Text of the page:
Neither the Conservatives nor the Labourites were able to carry out their full platforms. The Conservatives were frustrated by the refusal of the Commonwealth countries to go any further than to accept certain limited imperial preferences.
Labour came to power for two brief spans— for ten months in 1924 with Ramsay MacDonald (1866-1937), an intellectual and pacifist, as prime minister, and again from 1928 to 1931. In both instances, although Labour won more seats in the Commons than any other party, it did not have an absolute majority. These Labour governments, obliged to rely on the Liberals for parliamentary support, were still too shaky to introduce measures as controversial as the nationalization of any industry.
For a few weeks in 1926 some 2.5 million trade union members attempted a general strike to support coal miners, who were striking to protest a cut in their wages. The general strike failed, but its brief course revealed fundamental British attitudes. Thousands of people from the middle and upper classes volunteered to keep essential services operating when a state of emergency was declared.
Both sides remained calm and moderate, with neither side seeking all-out victory in a class war. When the general strike was called off, the miners eventually had to return to the pits on the owners’ terms. In 1927 a Trade Disputes and Trade Union Act made all sympathetic strikes or strikes against the government illegal.
Meanwhile, two more steps were taken toward the political democratization of Britain that had begun in 1832. In 1918, in preparation for the election, the government had put through a reform bill that eliminated all the old exceptions to universal male suffrage and gave the vote to all males over twenty-one.
Culminating a long and spectacular campaign by suffragists who had gone to jail for women’s rights, the bill also gave the vote to women. But it set the voting age for women at thirty years, thus ensuring that there would be more male than female voters. The distinction was too unsound to last, especially after experience demonstrated that women divided politically about the way men did. In 1928 a new bill gave women the vote at twenty-one.
Although signs of economic ill health persisted, Britain recovered somewhat in the late 1920s. But then came the Great Depression. Britain, already weakened, was one of the first nations to suffer; in eighteen months the number of unemployed jumped from slightly more than 1 million to 2.5 million. Faced by a serious government deficit and unwilling to meet it by cutting social services, the second Labour government of Ramsay MacDonald resigned in August 1931.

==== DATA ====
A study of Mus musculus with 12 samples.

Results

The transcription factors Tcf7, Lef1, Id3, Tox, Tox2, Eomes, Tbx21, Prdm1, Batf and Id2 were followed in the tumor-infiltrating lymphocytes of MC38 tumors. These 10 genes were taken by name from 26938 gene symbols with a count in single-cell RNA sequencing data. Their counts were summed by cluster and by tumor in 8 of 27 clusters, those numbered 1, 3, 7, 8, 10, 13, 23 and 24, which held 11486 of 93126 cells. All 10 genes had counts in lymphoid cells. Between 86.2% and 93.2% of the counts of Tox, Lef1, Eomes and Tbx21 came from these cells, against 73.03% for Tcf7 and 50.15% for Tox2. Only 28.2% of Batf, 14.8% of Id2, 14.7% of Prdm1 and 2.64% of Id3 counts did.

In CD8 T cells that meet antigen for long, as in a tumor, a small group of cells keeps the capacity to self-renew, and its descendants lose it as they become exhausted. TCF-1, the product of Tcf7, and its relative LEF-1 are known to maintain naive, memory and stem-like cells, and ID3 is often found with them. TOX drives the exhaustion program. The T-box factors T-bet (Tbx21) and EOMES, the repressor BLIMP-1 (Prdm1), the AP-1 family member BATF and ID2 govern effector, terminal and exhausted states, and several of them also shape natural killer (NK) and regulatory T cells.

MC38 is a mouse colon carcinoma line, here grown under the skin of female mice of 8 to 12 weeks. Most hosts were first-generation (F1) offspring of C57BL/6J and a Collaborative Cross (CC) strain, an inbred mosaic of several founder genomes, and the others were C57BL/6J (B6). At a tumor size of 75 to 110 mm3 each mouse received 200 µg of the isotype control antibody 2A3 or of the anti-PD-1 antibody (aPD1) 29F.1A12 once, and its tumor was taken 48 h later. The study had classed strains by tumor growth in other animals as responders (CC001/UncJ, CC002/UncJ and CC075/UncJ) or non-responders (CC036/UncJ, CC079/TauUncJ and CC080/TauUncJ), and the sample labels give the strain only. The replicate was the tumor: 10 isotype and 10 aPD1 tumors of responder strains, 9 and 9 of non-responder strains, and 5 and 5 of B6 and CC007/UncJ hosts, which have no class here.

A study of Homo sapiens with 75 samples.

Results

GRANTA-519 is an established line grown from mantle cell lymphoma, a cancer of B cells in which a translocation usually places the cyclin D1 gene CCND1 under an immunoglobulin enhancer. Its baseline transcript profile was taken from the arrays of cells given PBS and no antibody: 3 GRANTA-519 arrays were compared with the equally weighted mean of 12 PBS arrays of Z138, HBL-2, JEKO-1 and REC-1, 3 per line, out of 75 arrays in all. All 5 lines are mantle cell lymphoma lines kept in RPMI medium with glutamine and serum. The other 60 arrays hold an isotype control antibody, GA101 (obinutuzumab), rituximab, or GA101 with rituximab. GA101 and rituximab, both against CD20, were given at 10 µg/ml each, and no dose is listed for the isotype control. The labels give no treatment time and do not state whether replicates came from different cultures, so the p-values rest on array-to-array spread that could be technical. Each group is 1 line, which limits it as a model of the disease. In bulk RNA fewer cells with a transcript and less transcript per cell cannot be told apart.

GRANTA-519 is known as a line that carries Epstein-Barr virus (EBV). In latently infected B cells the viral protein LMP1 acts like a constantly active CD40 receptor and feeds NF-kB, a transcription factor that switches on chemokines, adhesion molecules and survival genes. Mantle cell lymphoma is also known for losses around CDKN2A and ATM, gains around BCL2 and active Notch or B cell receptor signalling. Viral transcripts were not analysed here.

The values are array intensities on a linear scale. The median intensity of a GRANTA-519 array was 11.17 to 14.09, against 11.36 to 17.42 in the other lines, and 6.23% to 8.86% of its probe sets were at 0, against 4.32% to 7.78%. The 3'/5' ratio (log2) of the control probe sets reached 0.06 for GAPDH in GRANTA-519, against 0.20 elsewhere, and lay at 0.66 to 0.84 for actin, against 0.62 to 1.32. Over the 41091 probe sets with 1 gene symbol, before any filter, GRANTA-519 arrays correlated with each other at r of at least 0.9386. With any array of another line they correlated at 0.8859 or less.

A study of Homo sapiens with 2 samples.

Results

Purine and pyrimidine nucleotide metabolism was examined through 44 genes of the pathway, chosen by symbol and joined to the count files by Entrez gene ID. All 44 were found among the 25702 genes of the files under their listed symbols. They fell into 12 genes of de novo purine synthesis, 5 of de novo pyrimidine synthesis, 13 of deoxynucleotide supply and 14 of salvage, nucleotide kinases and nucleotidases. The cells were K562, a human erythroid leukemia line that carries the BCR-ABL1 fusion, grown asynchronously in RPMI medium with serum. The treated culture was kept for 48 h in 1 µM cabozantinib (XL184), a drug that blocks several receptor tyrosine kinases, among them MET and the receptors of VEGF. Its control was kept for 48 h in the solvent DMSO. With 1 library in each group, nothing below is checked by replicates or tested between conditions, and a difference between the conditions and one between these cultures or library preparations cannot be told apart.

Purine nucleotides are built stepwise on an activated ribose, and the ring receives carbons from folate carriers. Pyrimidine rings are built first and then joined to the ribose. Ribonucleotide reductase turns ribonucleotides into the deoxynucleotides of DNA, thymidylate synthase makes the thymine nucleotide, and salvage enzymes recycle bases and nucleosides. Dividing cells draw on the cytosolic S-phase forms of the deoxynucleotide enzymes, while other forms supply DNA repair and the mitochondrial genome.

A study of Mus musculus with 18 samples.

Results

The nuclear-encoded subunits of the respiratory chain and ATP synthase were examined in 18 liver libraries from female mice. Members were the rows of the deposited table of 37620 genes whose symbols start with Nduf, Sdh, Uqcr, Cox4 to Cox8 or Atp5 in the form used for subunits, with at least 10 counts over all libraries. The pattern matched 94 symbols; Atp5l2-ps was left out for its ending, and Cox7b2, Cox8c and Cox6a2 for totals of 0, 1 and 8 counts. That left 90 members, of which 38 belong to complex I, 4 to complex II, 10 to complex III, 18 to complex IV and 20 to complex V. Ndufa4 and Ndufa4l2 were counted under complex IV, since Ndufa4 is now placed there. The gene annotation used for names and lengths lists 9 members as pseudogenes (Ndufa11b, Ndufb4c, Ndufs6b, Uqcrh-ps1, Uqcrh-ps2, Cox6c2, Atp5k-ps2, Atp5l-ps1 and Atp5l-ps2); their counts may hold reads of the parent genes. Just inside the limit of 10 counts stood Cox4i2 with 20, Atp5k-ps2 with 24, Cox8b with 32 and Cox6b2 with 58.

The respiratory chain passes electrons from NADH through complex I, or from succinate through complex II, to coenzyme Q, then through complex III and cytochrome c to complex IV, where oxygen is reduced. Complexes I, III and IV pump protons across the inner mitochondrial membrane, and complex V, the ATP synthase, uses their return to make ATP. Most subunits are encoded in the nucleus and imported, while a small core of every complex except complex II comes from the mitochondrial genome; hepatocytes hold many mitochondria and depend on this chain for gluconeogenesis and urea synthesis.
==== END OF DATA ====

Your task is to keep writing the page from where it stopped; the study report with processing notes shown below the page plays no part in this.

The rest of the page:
It gave way to a coalition of Conservatives, Liberals, and right-wing Labourites—headed by MacDonald. Many Labourites were dismayed by what seemed to them MacDonald’s surrender to the forces of capitalism, and the deep split within the party crippled its effectiveness throughout the 1930s. The “national government,” as the coalition cabinet was called, reduced social services.
Late in 1931, it took the decisive step of going off the gold standard and letting the pound fall in value. In 1932 it made the first firm move away from free trade by enacting protective tariffs, and it also ceased to pay its war debts to the United States. These measures did little to help the unemployed or get at the roots of British economic troubles. Nevertheless, partly because of Labour’s disarray, two general elections, in October 1931 and in June 1935, returned a majority supporting the national government.
The coalition government was dominated by Conservatives, and after the 1935 election the Conservative leader, Stanley Baldwin, became prime minister. Gradually the British economy pulled out of the worst of the depression, and Baldwin was able to balance the budget. In 1936, however, the great issue confronting Baldwin’s cabinet was neither social nor economic but constitutional, as the cabinet forced the abdication of King Edward VIII (1894-1972) in the same year as his accession to the throne.
Edward had fallen in love with an American divorcee and wanted to marry her. The royal family, the cabinet, and most of the British people opposed him, and he abdicated; he was succeeded by his brother, who became King George VI (r. 1936-1952).